Imagine you’re a private employer who cannot fire an employee because you’re unable to point to policies that definitively state that workers should not commit crimes, or lie to their bosses. And even when you clearly establish cases of crimes and the mendacity, you are stymied because lenient arbitrators disagree with the level of punishment.
Welcome to the world of sheriffs and police chiefs in Washington, where upholding integrity, ethics and the law is a perilous minefield. Law enforcement chiefs need the leeway to establish discipline and punish their workers, but labor laws, court rulings, union contracts and arbitrators keep running interference.
The latest imbroglio involves a deputy sheriff who was fired by Spokane County Sheriff Ozzie Knezovich and reinstated by an arbitrator. Arbitration can be a cost-effective tool for dispute resolution but, as this case shows, the system needs to be refined.
The arbitrator did not dispute Knezovich’s case against Deputy Sheriff Travis Smith, but she ruled that the punishment didn’t fit the wrongdoing. The violations included criminally slashing the upholstery of a car with a knife, and ticketing a motorist nine times for one stop because she wasn’t sufficiently respectful.
The irony just hangs there.
Law enforcement officers want respect, but they battle for special consideration when they step over the line. Then their lawyers take over, asking for the whereabouts – in writing – of standard grade-school expectations, such as abiding by the law and telling the truth.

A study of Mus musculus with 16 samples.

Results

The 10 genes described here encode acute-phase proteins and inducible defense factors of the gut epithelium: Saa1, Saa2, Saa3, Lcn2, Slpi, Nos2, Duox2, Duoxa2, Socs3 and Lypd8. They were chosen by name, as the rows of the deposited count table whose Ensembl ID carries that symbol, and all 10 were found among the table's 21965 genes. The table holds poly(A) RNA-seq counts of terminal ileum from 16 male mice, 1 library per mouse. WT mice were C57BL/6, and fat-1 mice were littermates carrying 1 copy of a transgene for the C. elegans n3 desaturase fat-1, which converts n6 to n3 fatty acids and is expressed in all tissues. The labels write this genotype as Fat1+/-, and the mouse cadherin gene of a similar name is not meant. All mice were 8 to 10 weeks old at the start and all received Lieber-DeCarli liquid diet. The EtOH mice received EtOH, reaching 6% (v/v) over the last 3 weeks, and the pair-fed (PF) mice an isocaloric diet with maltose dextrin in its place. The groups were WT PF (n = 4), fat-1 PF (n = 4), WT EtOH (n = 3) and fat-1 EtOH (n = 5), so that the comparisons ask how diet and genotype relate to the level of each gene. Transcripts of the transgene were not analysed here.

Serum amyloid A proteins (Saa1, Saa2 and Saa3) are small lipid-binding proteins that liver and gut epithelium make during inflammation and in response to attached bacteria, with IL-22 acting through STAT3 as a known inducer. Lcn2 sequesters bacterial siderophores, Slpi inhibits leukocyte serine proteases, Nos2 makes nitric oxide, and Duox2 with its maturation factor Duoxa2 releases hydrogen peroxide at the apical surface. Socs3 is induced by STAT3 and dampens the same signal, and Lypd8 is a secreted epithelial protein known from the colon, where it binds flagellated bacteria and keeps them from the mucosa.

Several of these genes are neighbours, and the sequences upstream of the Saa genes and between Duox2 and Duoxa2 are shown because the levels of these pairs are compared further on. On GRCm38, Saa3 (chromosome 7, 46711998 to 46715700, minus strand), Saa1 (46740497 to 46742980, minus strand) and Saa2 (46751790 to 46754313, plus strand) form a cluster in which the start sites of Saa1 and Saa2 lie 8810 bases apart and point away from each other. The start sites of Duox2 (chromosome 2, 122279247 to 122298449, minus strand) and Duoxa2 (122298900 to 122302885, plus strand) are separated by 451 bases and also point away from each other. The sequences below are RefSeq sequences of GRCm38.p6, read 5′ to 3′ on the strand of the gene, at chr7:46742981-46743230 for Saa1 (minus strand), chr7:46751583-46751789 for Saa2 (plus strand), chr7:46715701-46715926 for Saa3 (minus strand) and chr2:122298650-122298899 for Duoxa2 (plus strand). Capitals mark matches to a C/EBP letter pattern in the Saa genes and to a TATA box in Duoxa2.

We have seen how difficult this has made it for Knezovich and former Spokane Police Chief Anne Kirkpatrick to restore public trust after a series of infamous cases involving law enforcement. A 2009 state Supreme Court ruling hasn’t helped. In that case, a West Side officer who had clearly lied and ignored orders was reinstated, in part because it couldn’t be clearly established that telling the truth was an essential function of the job.
The mind boggles.
In reaction to all of this, Knezovich says he will soon distribute a memo telling deputies they will lose their jobs for lying, drunken driving or committing other crimes while on duty. He shakes his head that such obvious items must be put in writing. He expects union push-back.
The sheriff also notes that the Washington Association of Sheriffs and Police Chiefs is discussing the possibility of a bill that would limit arbitrator discretion. Under the change, arbitrators could only overturn employee dismissals if they disagreed with factual findings. If there was agreement, as there was in the Travis Smith case, the punishment would stand.
This and other reforms are warranted to reverse the decline in respect for law enforcement, which is too often self-inflicted.